Ace trumpeter Wynton Marsalis and his Jazz at Lincoln Center Orchestra are in Cuba this week to perform with island musicians in an unprecendented concert, and it got us thinking about the many talented musicians the country has produced. Here, we pay homage to those extraordinary artists and many more, who despite being born elsewhere, have a passion for Cuban music that courses through their veins. Meet a few salseras, rockeros, raperos and pop estrellas you might not know are of Cuban descent.
Next Slideshow: Steppin' Out: October 4 - 11
The 70s bolero, guaracha and Latin soul icon spent so much time in New York and Puerto Rico after leaving Cuba that it’s no wonder many people still think she was boricua. Not so, though she loved that island as well: Guadalupe Victoria Yoli Raymond was born in Santiago, Cuba. We hear boricua Dexter actess, Lauren Velez might be playing Lupe in a movie! How cool is that?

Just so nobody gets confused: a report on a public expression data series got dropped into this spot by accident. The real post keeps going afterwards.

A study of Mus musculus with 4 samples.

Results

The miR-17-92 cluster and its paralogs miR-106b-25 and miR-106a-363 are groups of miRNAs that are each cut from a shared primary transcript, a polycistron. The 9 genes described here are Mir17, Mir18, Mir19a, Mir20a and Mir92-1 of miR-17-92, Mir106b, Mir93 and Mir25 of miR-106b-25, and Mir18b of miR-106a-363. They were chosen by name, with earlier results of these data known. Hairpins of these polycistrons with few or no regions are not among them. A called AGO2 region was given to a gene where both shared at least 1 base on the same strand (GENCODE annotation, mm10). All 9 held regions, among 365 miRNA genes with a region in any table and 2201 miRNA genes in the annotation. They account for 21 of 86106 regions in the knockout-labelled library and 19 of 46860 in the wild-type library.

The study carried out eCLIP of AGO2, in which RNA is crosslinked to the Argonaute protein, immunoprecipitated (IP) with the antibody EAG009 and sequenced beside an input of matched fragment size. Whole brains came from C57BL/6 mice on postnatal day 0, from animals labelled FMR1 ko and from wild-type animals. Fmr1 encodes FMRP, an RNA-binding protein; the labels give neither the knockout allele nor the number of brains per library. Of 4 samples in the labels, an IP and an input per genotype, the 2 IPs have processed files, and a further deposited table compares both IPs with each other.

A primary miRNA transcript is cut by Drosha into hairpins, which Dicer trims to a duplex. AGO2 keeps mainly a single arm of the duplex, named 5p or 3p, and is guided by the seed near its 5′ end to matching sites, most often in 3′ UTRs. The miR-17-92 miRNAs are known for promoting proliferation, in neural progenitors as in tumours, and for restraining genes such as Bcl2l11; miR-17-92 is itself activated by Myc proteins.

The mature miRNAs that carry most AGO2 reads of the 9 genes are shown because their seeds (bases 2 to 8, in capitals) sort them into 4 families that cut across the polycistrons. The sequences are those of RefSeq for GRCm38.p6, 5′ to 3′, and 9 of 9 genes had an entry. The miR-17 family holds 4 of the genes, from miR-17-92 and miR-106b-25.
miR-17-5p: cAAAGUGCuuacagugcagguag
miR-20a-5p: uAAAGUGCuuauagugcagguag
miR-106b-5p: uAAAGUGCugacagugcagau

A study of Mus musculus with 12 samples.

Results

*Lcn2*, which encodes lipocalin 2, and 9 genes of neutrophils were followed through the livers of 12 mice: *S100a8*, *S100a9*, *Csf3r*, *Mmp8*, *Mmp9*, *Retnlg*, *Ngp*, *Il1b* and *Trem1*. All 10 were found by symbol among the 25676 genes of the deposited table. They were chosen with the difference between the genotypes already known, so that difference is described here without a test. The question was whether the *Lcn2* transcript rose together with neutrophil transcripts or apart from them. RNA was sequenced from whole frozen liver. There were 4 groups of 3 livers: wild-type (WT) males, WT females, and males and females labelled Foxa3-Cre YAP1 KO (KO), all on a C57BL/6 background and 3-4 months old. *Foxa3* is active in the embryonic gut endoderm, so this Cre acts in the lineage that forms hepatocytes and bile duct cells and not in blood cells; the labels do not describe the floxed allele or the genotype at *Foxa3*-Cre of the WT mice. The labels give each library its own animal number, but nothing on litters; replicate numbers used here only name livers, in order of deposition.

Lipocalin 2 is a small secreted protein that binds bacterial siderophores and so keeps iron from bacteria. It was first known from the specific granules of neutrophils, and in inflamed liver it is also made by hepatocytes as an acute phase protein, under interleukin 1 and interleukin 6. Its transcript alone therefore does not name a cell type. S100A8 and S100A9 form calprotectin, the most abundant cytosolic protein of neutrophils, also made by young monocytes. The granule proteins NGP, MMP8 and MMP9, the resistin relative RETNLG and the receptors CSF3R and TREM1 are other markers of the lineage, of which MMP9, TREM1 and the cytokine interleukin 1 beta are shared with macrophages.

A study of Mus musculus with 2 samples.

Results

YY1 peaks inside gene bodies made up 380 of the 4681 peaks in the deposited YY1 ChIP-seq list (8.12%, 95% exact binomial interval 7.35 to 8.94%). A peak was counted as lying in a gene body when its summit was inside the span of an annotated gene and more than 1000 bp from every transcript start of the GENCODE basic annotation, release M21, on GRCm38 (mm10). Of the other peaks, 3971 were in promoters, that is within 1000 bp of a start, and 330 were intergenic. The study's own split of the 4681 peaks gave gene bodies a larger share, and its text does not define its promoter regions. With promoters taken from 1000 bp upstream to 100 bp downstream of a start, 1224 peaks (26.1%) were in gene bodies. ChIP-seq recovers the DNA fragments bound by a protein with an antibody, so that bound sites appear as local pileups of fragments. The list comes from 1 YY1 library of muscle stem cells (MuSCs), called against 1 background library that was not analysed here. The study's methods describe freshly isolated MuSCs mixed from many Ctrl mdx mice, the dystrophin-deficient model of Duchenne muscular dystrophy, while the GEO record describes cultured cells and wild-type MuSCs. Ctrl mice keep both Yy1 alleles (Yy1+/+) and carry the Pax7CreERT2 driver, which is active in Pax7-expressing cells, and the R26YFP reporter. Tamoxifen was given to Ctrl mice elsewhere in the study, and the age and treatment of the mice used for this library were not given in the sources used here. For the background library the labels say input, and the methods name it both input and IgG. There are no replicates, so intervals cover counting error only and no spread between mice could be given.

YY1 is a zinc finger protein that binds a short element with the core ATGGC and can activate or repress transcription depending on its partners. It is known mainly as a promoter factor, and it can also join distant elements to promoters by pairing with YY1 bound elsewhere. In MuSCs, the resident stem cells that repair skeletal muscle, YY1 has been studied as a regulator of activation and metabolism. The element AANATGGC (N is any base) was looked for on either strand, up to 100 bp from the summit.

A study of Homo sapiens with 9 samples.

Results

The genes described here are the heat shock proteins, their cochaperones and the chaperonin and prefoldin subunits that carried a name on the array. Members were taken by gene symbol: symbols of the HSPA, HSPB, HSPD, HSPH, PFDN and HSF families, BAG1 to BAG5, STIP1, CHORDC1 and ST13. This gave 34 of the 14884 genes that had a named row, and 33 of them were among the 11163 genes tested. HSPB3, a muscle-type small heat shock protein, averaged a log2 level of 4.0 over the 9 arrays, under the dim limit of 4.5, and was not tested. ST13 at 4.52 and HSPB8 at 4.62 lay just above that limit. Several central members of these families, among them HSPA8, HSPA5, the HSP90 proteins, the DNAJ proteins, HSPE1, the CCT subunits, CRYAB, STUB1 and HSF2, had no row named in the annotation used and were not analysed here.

Mellow Man Ace, Sen Dog and B-Real
The West Coast rap pioneers, original members of Cypress Hill, were born in Cuba (as Ulpiano Sergio Reyes and Senen Reyes, respectively) and left the island when they hit a visa lottery, eventually settling in Southern Cali. While Sen Dog remained with Cypress Hill, along with Cuban-Mexican B-Real (Louis Freese), Mellow Man went on to a solo career that included an album called Escape from Havana.
The singer, who won a Best Original Song Oscar for the movie song, “Flashdance…What a Feeling,” is Cuban on her mother’s side, while her dad was Puerto Rican.
Bon Jovi may have seemed like a quintessential all-American band, but the man keeping the beat on drums was a New York-born cubano whose parents emigrated from the island in 1948.
He was born in Santurce, a Puerto Rican city known for its famous natives (like actor Benicio del Toro and New York Yankees catcher Jorge Posada), but the pop balladeer's parents fled Cuba after Castro took over.
The only child of soul legend Marvin Gaye, the singer and actress (The Matrix Trilogy) can claim Cuban heritage through her mom, Janis.